Father outraged selling of synthetic speed is legal

Father outraged selling of synthetic speed is legal »Play Video
Kevin Hill says he wants bath salts banned because people like his 24-year-old son are using them to get high.

PORTLAND, Ore. – A local father is outraged that some local smoke shops are legally selling synthetic speed to people like his son and said he wants them to stop.

The products that Kevin Hill’s son and others are taking are sold as bathing salts or stain cleaner and they are using them to get high.

The products were just banned in Louisiana.

Hill said he found a packet of Blue Silk Bath Salts in his 24-year-old son’s pocket when he was kicked out of rehab for the fifth time. The package says, “Not for human consumption.”

“He’s still currently on the streets, and I still believe he’s doing the same thing and, as a parent, you just don’t know if they’re going to make it. And this stuff is scary,” Hill said.

Similar products are sold under many names, like Cloud Nine and White Dove. A former user told an ABC affiliate about what using it did to her.

“You’re hearing voices, being paranoid, like paranoid thinking like, delusionally,” the unidentified woman said.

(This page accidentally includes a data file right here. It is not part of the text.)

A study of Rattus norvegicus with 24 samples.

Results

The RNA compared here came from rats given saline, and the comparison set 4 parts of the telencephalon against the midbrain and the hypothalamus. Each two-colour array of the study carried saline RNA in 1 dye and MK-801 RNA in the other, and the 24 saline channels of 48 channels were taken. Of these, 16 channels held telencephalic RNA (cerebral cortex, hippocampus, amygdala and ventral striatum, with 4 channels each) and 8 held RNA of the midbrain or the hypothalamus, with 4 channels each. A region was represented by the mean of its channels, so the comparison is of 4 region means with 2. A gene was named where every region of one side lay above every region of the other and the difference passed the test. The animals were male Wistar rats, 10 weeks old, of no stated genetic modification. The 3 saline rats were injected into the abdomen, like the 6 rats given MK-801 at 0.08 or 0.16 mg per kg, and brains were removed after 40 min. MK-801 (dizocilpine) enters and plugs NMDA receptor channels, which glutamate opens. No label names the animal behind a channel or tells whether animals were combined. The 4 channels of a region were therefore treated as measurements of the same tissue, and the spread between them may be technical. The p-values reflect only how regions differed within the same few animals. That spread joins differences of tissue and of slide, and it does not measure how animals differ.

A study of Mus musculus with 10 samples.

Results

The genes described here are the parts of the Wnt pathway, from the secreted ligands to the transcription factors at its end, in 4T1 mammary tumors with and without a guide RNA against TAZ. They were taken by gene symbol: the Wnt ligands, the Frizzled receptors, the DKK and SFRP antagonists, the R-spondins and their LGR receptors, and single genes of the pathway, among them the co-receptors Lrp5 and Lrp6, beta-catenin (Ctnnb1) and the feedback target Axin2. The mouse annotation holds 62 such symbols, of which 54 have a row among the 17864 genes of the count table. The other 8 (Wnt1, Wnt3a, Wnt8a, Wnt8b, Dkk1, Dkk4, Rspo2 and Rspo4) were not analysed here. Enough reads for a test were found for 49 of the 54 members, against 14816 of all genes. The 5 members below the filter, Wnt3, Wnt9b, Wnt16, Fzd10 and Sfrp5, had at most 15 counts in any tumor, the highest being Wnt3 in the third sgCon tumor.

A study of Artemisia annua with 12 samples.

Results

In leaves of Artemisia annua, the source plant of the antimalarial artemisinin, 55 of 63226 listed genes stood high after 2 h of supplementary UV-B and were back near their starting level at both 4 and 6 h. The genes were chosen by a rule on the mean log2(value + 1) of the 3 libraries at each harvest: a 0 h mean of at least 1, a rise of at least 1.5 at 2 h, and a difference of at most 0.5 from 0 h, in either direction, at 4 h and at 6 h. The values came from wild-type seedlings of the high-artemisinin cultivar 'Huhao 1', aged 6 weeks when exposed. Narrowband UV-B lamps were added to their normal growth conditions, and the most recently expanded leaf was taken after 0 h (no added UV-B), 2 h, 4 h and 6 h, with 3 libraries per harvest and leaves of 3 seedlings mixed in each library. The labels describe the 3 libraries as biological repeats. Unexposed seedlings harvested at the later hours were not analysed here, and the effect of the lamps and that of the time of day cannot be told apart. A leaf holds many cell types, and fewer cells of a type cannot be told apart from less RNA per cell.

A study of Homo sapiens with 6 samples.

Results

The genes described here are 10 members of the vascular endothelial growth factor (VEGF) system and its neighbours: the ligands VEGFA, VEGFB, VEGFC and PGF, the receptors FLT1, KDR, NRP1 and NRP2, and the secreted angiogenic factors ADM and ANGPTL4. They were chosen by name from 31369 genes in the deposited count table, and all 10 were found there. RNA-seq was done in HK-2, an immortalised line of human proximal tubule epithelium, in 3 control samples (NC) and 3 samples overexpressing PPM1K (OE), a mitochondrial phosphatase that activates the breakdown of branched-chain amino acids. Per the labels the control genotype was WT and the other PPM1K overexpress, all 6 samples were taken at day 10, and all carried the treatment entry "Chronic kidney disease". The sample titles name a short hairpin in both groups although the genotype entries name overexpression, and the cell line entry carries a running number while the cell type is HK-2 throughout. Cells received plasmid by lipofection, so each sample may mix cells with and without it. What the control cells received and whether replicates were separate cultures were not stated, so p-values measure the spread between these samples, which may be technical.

After doing some detective work, Hill said he discovered that his son bought the bath salts at the Scappoose Smoke Shop. 

The owner of the store, John Harper, defended himself, saying it’s legal and he has a business to run. He said he was forced to sell the bath salts to keep his store in business when Oregon banned synthetic marijuana in October.

When told that a father’s son had fallen out of rehab because of the bath salts, Harper responded, “I wouldn’t doubt that’s a possibility.” He also said he doesn’t feel any responsibility for it happening.

“You and I have decisions to make,” he said. “We are going to make a decision based on our own information – what’s good for us. “I’m not to tell you how to run your life and you’re not to tell me how to run mine.”

He said it’s up to the buyers what they do with the product.

“We live in fear,” said Hill, “and I just want to see this kid get healthy again. And it’s really hard to do that when you can just buy this stuff.”

Officials at the Oregon Board of Pharmacy said the products have just crossed their radar and they plan on banning them in April. Officials with the state of Washington said they’re also just learning about the products and have nothing in the works to ban them.